Weekdays 12:00 pm & 3:00 pm
Weekends 9:00 am, 12:00 pm & 3:00 pm
The Southern California Coastline has more than just the Pacific Blue and Gray Whales. Frequently on our tours we spot Common and Bottlenose Dolphins, Porpoises, Sea Lions, Harbor Seals, Marine Birds, and other Whales.
Our Whale Watching Cruises are available year round with the Blue Whales typically starting mid May and run through October to observe the annual migration of the largest animal on the planet, The Blue Whales! Our whale watching cruises offer something different, appealing and enjoyable by all ages. Every trip is accompanied by an educator from the Aquarium of the Pacific to provide us with very informative and interesting facts about the marine life we find off our coast.
Gray Whales typically are from November to May, we see dolphins and other sea life.
We also offer discounted rates for groups of 25 or more, so book your Whale Watching groups while you can because dates are filling up quickly. (Scheduling and pricing are subject to change).
Please come aboard and let us provide you with an unforgettable cruise.
The largest known mammal in the world at up to a hundred feet, the Blue Whale (Balaenoptera musculus) ranges all over the oceans. In July through October, the species migrates into the area of the west coast and are most likely to be seen in July and August. Once critically endangered, their population is now on the rise as they move back and forth between breeding grounds in the south and feeding grounds in the north.
Slate-colored and dappled with white spots, Gray whales (Eschrichtius robustus) are visually distinctive from other species. At about half the length of a Blue Whale, they’re capable of breaching the water- leaping into the air and coming back down on the ocean’s surface. During their migration, they pass by the West coast in December and January, tending to be more visible due to their breaching habits.
More closely related to dolphins than to other whales, Orcas (Orcinus orca) are highly sophisticated animals. Pack predators, Orca will stay with family groups and hunt other marine life with pack tactics reminiscent of wolves. Each family group, or pod, has its own unique song passed down among the population. They are mostly seen in the summer, though their migration patterns remain a mystery.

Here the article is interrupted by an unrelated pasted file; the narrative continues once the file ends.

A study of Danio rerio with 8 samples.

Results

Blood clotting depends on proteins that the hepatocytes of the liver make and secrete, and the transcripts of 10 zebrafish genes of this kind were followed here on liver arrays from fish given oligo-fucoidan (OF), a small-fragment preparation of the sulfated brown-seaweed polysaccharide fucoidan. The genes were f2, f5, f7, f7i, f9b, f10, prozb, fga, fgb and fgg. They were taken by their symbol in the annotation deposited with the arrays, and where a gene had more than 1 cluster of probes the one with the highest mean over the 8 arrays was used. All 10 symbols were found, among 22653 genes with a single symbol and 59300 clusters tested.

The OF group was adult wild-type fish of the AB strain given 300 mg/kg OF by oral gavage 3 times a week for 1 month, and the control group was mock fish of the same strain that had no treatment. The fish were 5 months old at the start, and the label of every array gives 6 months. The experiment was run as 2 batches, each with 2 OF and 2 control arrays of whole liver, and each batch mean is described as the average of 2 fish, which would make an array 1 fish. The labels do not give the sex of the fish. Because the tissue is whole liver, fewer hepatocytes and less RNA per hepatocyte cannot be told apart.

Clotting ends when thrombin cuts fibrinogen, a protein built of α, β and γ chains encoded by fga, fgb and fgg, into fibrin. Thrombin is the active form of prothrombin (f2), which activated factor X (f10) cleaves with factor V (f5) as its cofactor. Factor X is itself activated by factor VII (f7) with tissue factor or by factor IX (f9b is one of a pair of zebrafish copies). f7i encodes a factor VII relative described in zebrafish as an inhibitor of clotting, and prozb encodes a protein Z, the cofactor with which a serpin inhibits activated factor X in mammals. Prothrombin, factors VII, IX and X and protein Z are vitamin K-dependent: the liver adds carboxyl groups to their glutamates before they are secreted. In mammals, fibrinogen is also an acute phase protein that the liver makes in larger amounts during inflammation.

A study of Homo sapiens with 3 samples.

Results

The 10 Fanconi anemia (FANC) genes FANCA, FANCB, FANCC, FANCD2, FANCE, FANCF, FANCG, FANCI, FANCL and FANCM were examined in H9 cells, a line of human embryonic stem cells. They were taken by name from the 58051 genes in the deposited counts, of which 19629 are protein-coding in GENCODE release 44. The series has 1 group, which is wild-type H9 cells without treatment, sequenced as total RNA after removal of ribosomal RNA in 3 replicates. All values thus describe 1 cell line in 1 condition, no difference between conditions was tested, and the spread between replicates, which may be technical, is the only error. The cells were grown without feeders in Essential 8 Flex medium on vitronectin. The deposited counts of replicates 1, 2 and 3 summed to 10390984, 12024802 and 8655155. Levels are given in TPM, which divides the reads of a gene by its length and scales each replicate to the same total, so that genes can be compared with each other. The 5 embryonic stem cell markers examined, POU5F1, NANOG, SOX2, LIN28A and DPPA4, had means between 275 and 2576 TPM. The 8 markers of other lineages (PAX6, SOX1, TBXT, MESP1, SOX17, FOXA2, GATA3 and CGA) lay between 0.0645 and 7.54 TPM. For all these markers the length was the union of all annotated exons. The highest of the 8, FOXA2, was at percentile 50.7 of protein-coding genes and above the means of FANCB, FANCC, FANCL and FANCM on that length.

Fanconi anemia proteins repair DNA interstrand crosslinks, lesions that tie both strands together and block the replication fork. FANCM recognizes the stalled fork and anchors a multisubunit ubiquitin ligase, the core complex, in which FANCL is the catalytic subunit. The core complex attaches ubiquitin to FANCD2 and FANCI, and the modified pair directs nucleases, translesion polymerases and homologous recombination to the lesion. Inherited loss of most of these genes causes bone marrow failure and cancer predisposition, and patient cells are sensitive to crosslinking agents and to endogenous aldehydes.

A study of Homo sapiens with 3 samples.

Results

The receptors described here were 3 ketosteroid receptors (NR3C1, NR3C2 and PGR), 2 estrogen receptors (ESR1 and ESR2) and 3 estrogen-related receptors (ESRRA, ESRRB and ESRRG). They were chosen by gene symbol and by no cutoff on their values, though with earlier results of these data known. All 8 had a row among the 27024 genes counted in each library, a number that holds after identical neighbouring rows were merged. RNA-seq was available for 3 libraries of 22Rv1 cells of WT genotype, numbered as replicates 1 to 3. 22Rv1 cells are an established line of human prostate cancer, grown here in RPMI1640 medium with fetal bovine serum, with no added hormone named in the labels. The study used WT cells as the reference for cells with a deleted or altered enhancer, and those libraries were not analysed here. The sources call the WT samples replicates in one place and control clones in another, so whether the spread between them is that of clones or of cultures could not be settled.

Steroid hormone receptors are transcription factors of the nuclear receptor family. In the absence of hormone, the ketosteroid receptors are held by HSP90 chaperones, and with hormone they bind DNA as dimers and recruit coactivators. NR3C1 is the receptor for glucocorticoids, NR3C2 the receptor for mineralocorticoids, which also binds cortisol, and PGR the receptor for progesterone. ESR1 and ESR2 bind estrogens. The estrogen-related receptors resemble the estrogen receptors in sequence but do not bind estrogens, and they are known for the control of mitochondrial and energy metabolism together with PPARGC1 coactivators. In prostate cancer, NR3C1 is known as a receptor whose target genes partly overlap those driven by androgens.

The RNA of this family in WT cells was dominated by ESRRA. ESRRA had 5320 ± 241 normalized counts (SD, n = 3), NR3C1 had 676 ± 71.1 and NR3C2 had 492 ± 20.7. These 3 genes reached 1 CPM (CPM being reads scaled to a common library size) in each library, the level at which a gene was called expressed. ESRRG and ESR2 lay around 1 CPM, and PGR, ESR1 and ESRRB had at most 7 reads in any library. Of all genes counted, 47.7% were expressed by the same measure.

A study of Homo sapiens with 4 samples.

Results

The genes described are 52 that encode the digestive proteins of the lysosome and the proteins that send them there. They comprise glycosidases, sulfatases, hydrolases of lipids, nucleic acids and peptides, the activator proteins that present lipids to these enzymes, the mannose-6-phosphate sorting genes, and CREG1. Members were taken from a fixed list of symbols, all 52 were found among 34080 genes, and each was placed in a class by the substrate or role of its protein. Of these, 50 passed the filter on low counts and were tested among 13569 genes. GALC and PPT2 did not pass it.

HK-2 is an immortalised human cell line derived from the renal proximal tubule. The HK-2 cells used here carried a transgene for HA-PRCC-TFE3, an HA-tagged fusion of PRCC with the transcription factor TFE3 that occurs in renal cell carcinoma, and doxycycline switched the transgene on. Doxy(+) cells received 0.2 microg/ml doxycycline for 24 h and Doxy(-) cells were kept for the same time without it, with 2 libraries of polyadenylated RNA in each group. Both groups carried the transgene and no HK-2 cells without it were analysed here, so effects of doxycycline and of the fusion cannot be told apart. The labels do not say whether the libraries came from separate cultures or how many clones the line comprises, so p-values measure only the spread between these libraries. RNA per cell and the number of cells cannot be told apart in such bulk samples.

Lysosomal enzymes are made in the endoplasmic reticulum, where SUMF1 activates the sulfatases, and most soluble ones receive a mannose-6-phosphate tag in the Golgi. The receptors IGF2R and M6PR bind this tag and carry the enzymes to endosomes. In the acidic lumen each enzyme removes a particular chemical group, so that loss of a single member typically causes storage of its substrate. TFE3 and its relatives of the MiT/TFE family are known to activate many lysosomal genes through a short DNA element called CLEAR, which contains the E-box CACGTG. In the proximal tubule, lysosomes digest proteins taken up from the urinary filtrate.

Fin Whales (Balaenoptera physalus) are more closely related to Blue Whales, being closer to their length at sixty feet, though they’re much faster in the water. They’re often recognizable for their arching, where they poke their dorsal fin above the water when preparing for a dive. While they can be seen year-round, the best sightings are during November and March.
Humpbacks (Megaptera novaeangliae) are one of the more famous and widely known whale species, though they tend to be mid-sized at around fifty feet. They’re also known for their complex and lengthy songs, with the song of males lasting as much as twenty minutes, as well as their habit of breaching often, throwing themselves above the water and coming back down with a splash. They are most often seen during the summer on the West coast.
Minke whales (Balaenoptera acutorostrata) are the second smallest baleen whale, measuring in at around only twenty-five feet. Sightings of this whale along the West coast are rare, as they mostly show themselves farther north, and are more common on the East coast. They are also the hardest to spot, given their lack of breaching and their ability to dive as long as twenty minutes. Most sightings will be in June and July, when Minkes migrate.
Sperm whales (Physeter macrocephalus) have one of the most famous of appearances, possessing a large, rounded snout with a mouthful of teeth. The Sperm whale is the largest toothed predator in the world, being around sixty eight feet in length, and possesses the largest brain of any known animal, extinct or modern. They surface for up to eight minutes to breath between dives that last as long as an hour and might range in depth up to six thousand feet. Sightings are one of the rarest of all the whales, but, for many, the most rewarding.
Many dolphins inhabit the West coast, though the common dolphin in particular may always be seen in large numbers. Dolphins of all species are famous for their intelligence, curiosity and playfulness, as well as their apparent altruism regarding humans and other species. Often, dolphins will swim up to a boat to investigate it, and will jump from the water in many cases to have a better look, or simply as a form of play.
There is a large amount of marine wildlife native to the area, including a wide variety of birds, seals, and fish. Multiple types of seals in particular inhabit the area, ranging from harbor seals to spotted seals and more, adorable staples of marine life in the area. These animals can always be sighted amongst the waves and rocks, some more than others, and even the occasional shark sighting!